Disclaimer: this week’s posts will be dedicated to the experience of being a woman in celebration of the International Women’s Day. I have had surge of inspiration (as I always do with issues close to my heart) and have a few more posts planned for this week than usual. Hope you enjoy!
The year was 2019. It was a cold January weekend in London. I was feeling blue, sitting at home, drinking some hot minted cocoa, a Christmas gift from a friend. I was thinking about my travel plans for the year. I had been travelling through Europe for a while, but I wanted more for 2019. I had been obsessing over Mexico for a while. It was a cheap and extremely interesting country. Started researching it and thinking to myself whether that was something I could even consider. Was it safe for me, as a woman, traveling alone in Mexico? This is the country so often portrayed in the media and entertainment industry as unsafe, the land of drug cartels, of violence, kidnapping, an extremely sexist society. A land where rape and violence against woman is so common. And no, I didn’t want to go to one of those beachside resorts in Cancun or Tulum (I found out with my research that contrary to what you may believe, these are often the less safe places to stay in…). I really wanted to travel through Mexico and dive in its culture.
I did my research and I booked the flights. After I had the receipt, there was no turning back. I was doing it. And oh boy. I felt adrenaline rushing through my veins for the next two weeks.
My mum, of course, did not like the idea at all (barely spoke to me for 2 weeks, after I announced it in a video call…) My coworkers became extremely concerned about my mental health, my boss probably thinking about recruiting a replacement. My close friends made me promise I would text them every day at a certain hour to ensure I was safe. “You’re a tall, white woman. You’ll be alone. You’ll stand out. Attract unwanted attention”. Well, so what? This is something I have been dealing with all my adult life, regardless the country I’m on!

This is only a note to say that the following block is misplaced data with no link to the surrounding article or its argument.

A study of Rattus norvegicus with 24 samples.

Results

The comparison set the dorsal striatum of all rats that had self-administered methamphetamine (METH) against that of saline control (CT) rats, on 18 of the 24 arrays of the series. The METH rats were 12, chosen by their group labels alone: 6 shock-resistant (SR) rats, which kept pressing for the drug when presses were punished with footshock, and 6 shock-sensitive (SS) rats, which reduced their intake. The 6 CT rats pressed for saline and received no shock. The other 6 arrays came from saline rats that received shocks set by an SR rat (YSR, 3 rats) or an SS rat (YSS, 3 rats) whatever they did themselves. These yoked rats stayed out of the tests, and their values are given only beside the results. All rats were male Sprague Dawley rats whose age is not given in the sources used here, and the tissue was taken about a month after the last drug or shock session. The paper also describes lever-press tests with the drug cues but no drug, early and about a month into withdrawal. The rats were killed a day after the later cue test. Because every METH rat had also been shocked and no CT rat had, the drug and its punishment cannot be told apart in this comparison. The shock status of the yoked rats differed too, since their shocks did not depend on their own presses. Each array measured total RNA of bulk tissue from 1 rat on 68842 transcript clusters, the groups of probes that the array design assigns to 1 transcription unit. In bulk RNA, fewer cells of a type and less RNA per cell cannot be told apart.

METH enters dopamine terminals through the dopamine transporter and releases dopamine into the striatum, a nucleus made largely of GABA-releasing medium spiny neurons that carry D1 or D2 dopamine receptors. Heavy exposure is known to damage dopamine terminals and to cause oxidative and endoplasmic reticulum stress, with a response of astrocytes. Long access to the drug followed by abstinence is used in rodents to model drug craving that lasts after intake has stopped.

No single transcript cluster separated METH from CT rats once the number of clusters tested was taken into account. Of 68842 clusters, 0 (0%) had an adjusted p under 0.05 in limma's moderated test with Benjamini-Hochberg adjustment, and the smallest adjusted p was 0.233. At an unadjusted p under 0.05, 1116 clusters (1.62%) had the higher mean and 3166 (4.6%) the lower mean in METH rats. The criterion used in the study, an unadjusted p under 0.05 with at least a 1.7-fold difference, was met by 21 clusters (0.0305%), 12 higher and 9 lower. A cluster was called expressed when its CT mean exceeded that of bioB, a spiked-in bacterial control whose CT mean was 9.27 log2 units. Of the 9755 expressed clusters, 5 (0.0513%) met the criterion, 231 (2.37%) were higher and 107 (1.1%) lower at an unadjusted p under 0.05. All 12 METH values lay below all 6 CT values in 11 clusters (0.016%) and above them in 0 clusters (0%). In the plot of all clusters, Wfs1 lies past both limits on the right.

I was trying to ignore this. I really had made my research. I knew exactly where I was going to stay, which routes to take, how to be safe. I was in multiple Facebook travel groups (mostly focused on women) and 99.5% of the experiences were very positive. But the 0.5% negative experiences I saw were enough to make my heart jump and believe what everyone else was saying around me – I was going on a suicide mission. I was going to be kidnapped by some sort of gang, while sleeping in my hotel. In a nutshell, I was being stupid, silly woman.
And then, I felt angry. Furious. I was enraged that I had to go through all of this research, just because I was a woman. That I had to research every single detail on what kind of transportation to use within Mexico, the schedules, dangerous areas, which neighborhoods are safer to stay in. To read all reviews about the different accommodation I was booking in Booking.com, paying more attention to the reviews written by fellow women travellers. And this rage gave me the strength to shut up those voices, to believe that I hadn’t made a mistake when I booked my flights and I was not crazy. I was simply pursuing what my heart told me. And, as a woman, we do learn to listen to our inner instincts.
My instincts told me I was good to go. That bad things can happen anywhere. Even in London, where I was living in. Catcalling, groping, stalking. All of these things I have had to face and deal with anywhere. Unfortunately, that is the kind of thing women have to deal with. And if you’re unlucky, you just need to be in the wrong place at the wrong time.
As you can easily see, I’m still well and alive. My trip to Mexico was absolutely amazing, and I never felt in danger. Nothing happened. Most times I felt safe. There was the catcalling, the kind of thing I would just roll my eyes at and ignore, while burning in rage inside. But the incidents were so small in comparison to the rewarding experience that is was for explore such amazing country.
And after this was done, I really felt I could do anything. Go anywhere. Even if this is sort of delusional, it can be a healthy one. One more thing I’d like to make clear – travelling is more challenging for women, but I’m on the lucky side, enjoying a little of the white privileged. I’m perfectly, and painfully aware of that.
I would love to hear your experiences – did you ever felt anxious about a trip? Was your gender part of the issue? Both female and male perspectives are, of course, welcoming!